Throughout the years, DSD has been introducing cutting-edge engineering technologies and strategic measures in environmental management. We incorporate sustainability elements into all aspects of work and actively promote the concept of sustainable development, covering water resources management, roof greening, energy conservation and emissions reduction, to make the projects blends with the natural environment and mitigate environmental impacts.
Water Resources Management
DSD has incorporated the concept of water resources management into our newly constructed facilities to improve the water resources utilisation rates and step up harvesting and reusing precious water resources so as to support sustainable development. Some major design elements include water harvesting systems, underground stormwater storage systems, rain gardens and porous pavements, etc.
Water Harvesting System
Water Harvesting System of Happy Valley Underground Stormwater Storage Scheme (HVUSSS)
DSD constructed a water harvesting system under the HVUSSS to collect groundwater, irrigation water and rainwater from sports pitches. As the collected water is of better quality, it can attain the standard of reclaimed water for non-potable use after simple disinfection and be reused for irrigation at 11 football pitches and toilet flushing at two changing rooms within the Happy Valley Recreation Ground (HVRG) and two public toilets in the vicinity to save precious drinking water. The system also supplied reclaimed water to the Food and Environmental Hygiene Department (FEHD) for street cleaning in Happy Valley and Wan Chai districts.
Lai Chi Kok Drainage Tunnel Stormwater Harvesting System
DSD incorporated the concept of sustainable development into the design of Lai Chi Kok Drainage Tunnel (the Tunnel). The water resources collected from the Tunnel catchment area are filtered and disinfected by chlorination. Since the Tunnel came into operation in 2014, the treated stormwater has been supplied to Butterfly Valley Road Pet Garden for toilet flushing, irrigation and cleansing.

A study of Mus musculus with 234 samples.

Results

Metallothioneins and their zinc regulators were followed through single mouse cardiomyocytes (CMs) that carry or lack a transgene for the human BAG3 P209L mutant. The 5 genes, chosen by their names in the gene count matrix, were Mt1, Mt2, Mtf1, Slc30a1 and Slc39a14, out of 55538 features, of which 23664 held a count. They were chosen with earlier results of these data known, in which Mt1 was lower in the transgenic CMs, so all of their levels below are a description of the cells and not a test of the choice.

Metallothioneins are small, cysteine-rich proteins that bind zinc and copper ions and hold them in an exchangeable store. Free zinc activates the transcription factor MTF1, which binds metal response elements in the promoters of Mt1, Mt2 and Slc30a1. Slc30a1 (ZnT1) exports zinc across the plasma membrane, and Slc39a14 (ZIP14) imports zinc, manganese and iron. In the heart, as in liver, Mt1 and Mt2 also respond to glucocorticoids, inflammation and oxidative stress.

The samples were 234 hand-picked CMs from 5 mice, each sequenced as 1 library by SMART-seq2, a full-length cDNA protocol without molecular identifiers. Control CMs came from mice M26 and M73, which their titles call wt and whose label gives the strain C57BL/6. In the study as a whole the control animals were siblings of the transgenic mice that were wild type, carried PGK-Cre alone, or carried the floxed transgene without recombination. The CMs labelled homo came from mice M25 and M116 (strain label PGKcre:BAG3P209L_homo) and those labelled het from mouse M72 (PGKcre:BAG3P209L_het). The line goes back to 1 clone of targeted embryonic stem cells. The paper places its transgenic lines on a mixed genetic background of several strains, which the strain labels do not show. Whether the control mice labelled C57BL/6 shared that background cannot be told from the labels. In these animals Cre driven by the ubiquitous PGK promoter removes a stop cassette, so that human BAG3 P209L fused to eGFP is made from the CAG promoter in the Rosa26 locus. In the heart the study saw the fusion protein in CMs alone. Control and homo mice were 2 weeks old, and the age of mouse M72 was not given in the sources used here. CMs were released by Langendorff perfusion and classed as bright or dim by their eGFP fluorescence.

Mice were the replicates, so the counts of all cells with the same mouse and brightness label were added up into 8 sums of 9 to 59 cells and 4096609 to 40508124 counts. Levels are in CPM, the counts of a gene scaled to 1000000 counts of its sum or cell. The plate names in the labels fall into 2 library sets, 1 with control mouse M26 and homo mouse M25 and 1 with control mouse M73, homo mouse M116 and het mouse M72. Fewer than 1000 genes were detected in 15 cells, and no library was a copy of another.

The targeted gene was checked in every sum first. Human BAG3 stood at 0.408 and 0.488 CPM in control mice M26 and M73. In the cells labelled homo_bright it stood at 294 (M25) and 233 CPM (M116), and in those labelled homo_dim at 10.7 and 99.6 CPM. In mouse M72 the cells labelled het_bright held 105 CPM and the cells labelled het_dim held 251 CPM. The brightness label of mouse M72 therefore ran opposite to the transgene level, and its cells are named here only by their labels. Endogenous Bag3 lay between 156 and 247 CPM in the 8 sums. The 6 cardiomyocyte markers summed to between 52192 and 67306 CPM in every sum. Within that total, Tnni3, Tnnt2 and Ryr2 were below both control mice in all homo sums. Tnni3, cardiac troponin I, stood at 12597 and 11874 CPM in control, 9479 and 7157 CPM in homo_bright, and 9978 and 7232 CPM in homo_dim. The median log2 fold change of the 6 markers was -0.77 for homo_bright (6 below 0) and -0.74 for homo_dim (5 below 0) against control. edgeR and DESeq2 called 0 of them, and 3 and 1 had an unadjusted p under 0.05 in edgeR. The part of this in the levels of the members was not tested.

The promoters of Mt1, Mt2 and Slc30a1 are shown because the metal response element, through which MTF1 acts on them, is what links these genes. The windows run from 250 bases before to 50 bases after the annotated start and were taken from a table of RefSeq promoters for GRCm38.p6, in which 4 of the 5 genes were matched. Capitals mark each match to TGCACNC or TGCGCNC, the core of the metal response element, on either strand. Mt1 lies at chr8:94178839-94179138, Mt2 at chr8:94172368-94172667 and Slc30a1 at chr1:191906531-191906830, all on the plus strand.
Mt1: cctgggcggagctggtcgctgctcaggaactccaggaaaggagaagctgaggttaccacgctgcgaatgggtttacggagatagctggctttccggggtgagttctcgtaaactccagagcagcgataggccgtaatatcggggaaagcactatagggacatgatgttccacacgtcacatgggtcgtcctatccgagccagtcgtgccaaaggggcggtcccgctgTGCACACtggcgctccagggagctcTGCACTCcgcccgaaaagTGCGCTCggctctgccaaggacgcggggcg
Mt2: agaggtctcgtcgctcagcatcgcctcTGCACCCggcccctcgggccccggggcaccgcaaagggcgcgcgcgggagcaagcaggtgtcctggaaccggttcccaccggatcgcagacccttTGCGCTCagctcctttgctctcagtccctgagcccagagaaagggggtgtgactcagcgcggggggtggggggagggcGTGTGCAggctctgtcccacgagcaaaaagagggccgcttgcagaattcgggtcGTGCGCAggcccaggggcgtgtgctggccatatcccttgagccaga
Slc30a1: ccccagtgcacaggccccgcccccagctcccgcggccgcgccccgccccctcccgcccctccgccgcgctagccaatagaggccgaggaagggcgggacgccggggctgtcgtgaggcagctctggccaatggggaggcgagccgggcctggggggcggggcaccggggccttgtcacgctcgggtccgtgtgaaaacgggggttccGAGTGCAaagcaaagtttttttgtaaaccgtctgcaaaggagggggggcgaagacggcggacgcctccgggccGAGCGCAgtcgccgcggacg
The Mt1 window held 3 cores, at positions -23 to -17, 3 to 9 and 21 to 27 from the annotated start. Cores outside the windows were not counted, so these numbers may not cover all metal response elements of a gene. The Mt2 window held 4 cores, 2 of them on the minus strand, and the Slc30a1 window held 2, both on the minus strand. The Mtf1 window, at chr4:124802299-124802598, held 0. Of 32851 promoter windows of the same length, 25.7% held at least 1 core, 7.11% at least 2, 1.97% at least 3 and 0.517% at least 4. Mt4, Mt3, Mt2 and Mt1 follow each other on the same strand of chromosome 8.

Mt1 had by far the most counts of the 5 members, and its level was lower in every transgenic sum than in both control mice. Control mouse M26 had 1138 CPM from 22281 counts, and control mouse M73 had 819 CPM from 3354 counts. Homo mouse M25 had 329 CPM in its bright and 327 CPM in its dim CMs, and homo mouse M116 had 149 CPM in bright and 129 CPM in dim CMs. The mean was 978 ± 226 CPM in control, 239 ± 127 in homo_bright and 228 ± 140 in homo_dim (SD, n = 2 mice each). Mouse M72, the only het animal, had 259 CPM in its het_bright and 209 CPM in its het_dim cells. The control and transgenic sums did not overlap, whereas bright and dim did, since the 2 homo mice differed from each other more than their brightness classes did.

Rainwater Harvesting Facilities at Kowloon City No. 1 and No. 2 Sewage Pumping Stations
Kowloon City No. 1 and No. 2 Sewage Pumping Stations in Kai Tak incorported a number of water resources management features, including rain garden and rainwater harvesting facilities, etc. The rain garden filters rainwater with plants and soil to improve runoff quality and reduce discharge into underground channels. The roofs are paved with porous materials to facilitate rainwater collection. Harvested rainwater is treated by sand filtration and ultraviolet (UV) disinfection for irrigation, water cascade and other non-potable uses, thus reducing water consumption effectively. The pumping stations are also installed with devices such as rainfall sensors, water retention layer and water consumption monitoring system to further enhance the water utilisation rate.
In line with the Government's initiative to use reclaimed water under the Total Water Management Strategy, DSD continues to generate and use reclaimed water within its facilities while improving the operational reliability of its water reclamation facilities. In 2017-18, we generated reclaimed water at an average rate of approximately 1,340 cubic metres per day for non-potable purposes. Our largest water reclamation facilities are located in the Ngong Ping Sewage Treatment Works and Shatin Sewage Treatment Works.
The Ngong Ping Sewage Treatment Works, operated since 2006, is the first tertiary sewage treatment plant in Hong Kong with reclaimed water treatment facility. Safe and odourless reclaimed water produced by this plant is now supplied to public toilets in Ngong Ping and the Ngong Ping Cable Car Terminal for flushing. Some of the reclaimed water is used for rearing ornamental fish in fish ponds and controlled irrigation within the sewage treatment works.
The water reclamation facilities in the Shatin Sewage Treatment Works, which were commissioned in early 2011, mainly comprising three filtration parts, namely disc filters, ultra-filtration membranes and reverse osmosis membranes, and are capable of generating 1,000 cubic metres of reclaimed water every day for plant cleaning, irrigation, toilet flushing and chemical dilution.